World History/Middle Eastern Empires


Before the rise of Islam, the Arabian peninsula was dominated by nomadic Bedouin cultures that dominated the region. The polytheistic bedouin clans placed heavy emphasis on kin-related groups, with each clan clustered under tribes. Warfare between tribes was common among the Bedouin, and warfare was given a high honor. The difficult living conditions in the Arabian peninsula created a heavy emphasis on family cooperation, further strengthening the clan system.

Although the majority of Arabia was nomadic, there were several important cities that came into being as centers of trade and religion, such as Yathrib [Medina], Mecca, Karbala and Damascus. The most important of these cities was Mecca, which was an important center of trade in the area, as well as the location of the Ka'ba, one of the most revered shrines in polytheistic Arabia.

Culturally, Pre-Islamic Arabia was similar to what would come later, with some notable differences. Pre-Islam, most Bedouin tribes were polytheistic and animist, with some notable exceptions (three of the ruling tribes of Yathrib were Jewish). A few tribes worshiped one supreme being, called Allah, but this was not common. Like later cultures in the region, the Bedouin tribes placed heavy importance on poetry as well as oral tradition.

Muhammad and the Beginnings of Islam[edit | edit source]

Muhammad was born to the prominent Banu Hashim clan of the Quraysh tribe. His father died shortly after he was born and his mother died when he was six. He was raised by his grandfather until he died when Muhammad was eight and later by his uncle. Muhammad was raised as, and became, a merchant.

While a young man, Muhammad worked as a trader for a wealthy widow, Khadijah, whom he would marry a few years later. His work as a merchant arguably influenced his philosophy as he encountered different cultures and religions, most notably Christianity and Judaism.

Around 610 AD, Muhammad received the first of his revelations from the angel Gabriel; these revelations were written (in Arabic) into the Qu'ran, where they would form the basis for the religion of Islam. The early followers of this new faith were small, including mostly his wife, some clansmen, some servants and slaves. Muhammad began to preach his new faith to his clan and the people of Mecca.

As Islam spread, the dominant clan in Mecca, the Umayyad, saw the new faith as a threat to their political power and to their religious power held by controlling the polytheistic shrines at Ka'ba. As the religion spread, Muhammad grew to be further threatened by the Umayyads. Muhammad was perceived as a danger similar to the conditions in Yathrib, where two religions (Judaism and the Bedouin religion) fought for power.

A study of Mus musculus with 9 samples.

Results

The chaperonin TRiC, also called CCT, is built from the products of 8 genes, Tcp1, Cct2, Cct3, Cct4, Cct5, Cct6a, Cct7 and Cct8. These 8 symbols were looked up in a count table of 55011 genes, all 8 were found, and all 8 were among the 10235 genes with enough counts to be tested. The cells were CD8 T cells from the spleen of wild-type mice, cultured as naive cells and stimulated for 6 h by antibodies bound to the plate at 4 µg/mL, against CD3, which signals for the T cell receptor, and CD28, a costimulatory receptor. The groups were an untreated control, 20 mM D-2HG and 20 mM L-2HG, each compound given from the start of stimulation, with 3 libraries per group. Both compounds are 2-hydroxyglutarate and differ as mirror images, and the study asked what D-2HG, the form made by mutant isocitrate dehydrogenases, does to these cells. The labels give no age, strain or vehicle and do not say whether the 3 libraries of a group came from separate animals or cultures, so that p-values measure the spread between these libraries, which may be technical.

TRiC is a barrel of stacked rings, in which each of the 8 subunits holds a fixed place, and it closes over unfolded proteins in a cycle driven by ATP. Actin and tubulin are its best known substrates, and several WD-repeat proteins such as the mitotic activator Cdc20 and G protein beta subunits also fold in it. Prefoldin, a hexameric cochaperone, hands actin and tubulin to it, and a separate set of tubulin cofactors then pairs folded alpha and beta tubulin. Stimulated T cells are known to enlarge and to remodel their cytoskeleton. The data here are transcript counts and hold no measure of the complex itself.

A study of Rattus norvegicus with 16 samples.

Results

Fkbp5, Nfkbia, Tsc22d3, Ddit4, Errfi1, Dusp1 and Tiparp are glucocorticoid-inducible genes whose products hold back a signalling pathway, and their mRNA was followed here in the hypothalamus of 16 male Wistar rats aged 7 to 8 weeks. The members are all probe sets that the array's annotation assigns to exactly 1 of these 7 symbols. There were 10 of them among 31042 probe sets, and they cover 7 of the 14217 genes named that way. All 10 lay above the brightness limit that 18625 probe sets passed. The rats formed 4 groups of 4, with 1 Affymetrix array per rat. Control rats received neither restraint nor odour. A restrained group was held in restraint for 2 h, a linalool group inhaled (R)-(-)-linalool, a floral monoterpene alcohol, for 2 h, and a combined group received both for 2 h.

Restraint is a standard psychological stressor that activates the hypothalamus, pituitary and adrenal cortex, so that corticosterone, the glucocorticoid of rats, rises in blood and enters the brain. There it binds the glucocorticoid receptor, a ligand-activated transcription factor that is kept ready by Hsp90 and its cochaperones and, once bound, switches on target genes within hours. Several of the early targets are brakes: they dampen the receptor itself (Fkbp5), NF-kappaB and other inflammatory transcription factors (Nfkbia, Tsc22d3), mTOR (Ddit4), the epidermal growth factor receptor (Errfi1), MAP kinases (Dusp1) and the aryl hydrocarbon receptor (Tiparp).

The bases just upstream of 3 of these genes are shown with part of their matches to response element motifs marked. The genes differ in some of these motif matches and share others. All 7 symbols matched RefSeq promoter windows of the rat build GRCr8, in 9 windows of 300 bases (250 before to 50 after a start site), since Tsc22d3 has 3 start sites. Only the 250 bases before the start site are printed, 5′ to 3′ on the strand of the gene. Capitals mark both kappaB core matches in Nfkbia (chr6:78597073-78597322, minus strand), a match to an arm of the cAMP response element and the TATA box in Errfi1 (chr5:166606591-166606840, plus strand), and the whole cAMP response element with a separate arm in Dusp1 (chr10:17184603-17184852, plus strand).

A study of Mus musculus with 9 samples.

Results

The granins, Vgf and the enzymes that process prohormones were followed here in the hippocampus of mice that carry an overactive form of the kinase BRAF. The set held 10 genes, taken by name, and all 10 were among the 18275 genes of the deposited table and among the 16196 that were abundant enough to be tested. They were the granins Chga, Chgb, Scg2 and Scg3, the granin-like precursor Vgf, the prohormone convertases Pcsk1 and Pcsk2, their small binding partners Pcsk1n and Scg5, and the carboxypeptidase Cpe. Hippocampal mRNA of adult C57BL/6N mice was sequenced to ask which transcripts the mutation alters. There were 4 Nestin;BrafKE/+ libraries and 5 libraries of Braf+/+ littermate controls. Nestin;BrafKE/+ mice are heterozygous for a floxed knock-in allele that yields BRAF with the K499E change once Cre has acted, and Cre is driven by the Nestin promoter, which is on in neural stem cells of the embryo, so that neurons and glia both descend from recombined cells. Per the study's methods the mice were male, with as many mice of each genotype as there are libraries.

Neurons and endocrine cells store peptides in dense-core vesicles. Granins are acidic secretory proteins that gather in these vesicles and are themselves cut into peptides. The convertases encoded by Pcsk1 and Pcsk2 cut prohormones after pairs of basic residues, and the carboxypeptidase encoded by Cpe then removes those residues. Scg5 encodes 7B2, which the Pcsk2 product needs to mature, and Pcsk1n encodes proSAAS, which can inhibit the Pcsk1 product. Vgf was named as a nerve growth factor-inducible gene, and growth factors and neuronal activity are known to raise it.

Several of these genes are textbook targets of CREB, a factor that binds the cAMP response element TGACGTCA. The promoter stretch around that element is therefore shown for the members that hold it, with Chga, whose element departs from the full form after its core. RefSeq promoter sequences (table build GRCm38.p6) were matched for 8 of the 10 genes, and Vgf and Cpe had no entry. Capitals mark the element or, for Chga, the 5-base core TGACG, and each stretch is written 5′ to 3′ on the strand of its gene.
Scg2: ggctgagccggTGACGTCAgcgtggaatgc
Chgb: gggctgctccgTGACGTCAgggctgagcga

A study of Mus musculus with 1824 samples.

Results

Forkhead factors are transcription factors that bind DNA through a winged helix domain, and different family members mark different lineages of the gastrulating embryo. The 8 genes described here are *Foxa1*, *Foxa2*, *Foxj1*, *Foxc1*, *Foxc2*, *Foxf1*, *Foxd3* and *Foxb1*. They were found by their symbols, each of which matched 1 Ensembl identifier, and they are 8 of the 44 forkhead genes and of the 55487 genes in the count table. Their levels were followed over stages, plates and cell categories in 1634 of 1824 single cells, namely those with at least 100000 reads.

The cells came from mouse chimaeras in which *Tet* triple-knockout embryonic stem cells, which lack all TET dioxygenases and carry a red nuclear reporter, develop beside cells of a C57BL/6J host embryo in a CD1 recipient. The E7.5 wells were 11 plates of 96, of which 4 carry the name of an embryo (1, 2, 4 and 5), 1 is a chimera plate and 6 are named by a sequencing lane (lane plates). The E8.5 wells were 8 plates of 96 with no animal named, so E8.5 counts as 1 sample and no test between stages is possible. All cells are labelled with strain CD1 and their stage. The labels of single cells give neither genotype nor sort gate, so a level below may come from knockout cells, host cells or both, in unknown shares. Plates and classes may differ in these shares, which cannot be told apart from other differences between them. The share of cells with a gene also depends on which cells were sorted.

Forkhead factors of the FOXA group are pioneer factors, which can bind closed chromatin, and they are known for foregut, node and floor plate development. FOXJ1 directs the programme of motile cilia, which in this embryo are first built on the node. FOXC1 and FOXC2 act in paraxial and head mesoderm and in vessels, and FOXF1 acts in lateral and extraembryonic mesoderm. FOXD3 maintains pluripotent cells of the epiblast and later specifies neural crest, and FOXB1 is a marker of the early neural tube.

Because of the danger for Muhammad and his followers in Mecca, they left Mecca in favor of Yathrib. This event is known as the hijra. Muhammad was jubilantly welcomed in Yathrib, and the city was renamed "Medina", due to his ability to end the religious quarrels in the city. Islam spread rapidly in Medina, and became a center of the new faith. Muhammad's power grew in the city of Medina.

Under Muhammad's leadership, Medina strengthened in power and soon rivaled Mecca. Muslim raids on Meccan treaders further endangered the Umayyads. The Quraysh fought with the Muslims in the mid-620s. In 628, Muhammad signed a peace treaty with the Umayyads. In 629, Muhammad and 10,000 converts returned to Mecca after the Meccans broke the treaty. Muhammad conquered the city of Mecca without bloodshed. Claiming to have proven the power of Allah, the shrines surrounding the Ka'ba that symbolized polytheistic false deities were smashed. Muhammad did not take control of Mecca, but kept control into the hands of the Umayyads, and returned to Medina. The Umayyads and others in Mecca converted to Islam in time.

The Rise and Fall of the Umayyad Empire[edit | edit source]

Muslim armies conquered most of Arabia by 633, further spreading Islam. Muslim armies soon conquered north Africa, part of the Iberian peninsula, Mesopotamia and Persia, significantly shaping the history of the world through the spread of Islam there.

Following the death of Muhammad in 632, tribal leaders convened on who should succed him. After much debate between the choices of Ali (Muhammad's son-in-law) and Abu Bakr (Muhammad's close friend, an early convert, and political strong), Abu Bakr was chosen to lead and became the first caliph, this decision would later spawn controversy. Ali would go on to become the fourth caliph later.

During the caliphate of Abu Bakr (632-634 AD), the warlike Bedouin clans united to spread Islam. The weakness of the rich Byzantine and Persian empires encouraged them to expand. Arab leaders imposed a tax on cities that were cheaper than that of the Byzantines, and the Arabs offered military protection with these taxes. Arabs continued to spread Islam, and respected the People of the Book (Jews and Christians) while seeking to rid those religions they saw as polytheistic. These new lands were placed under Arab control through his jihad (Western fallacy is that jihad is used to spread Islam. Jihad is a struggle physically and comes in many forms).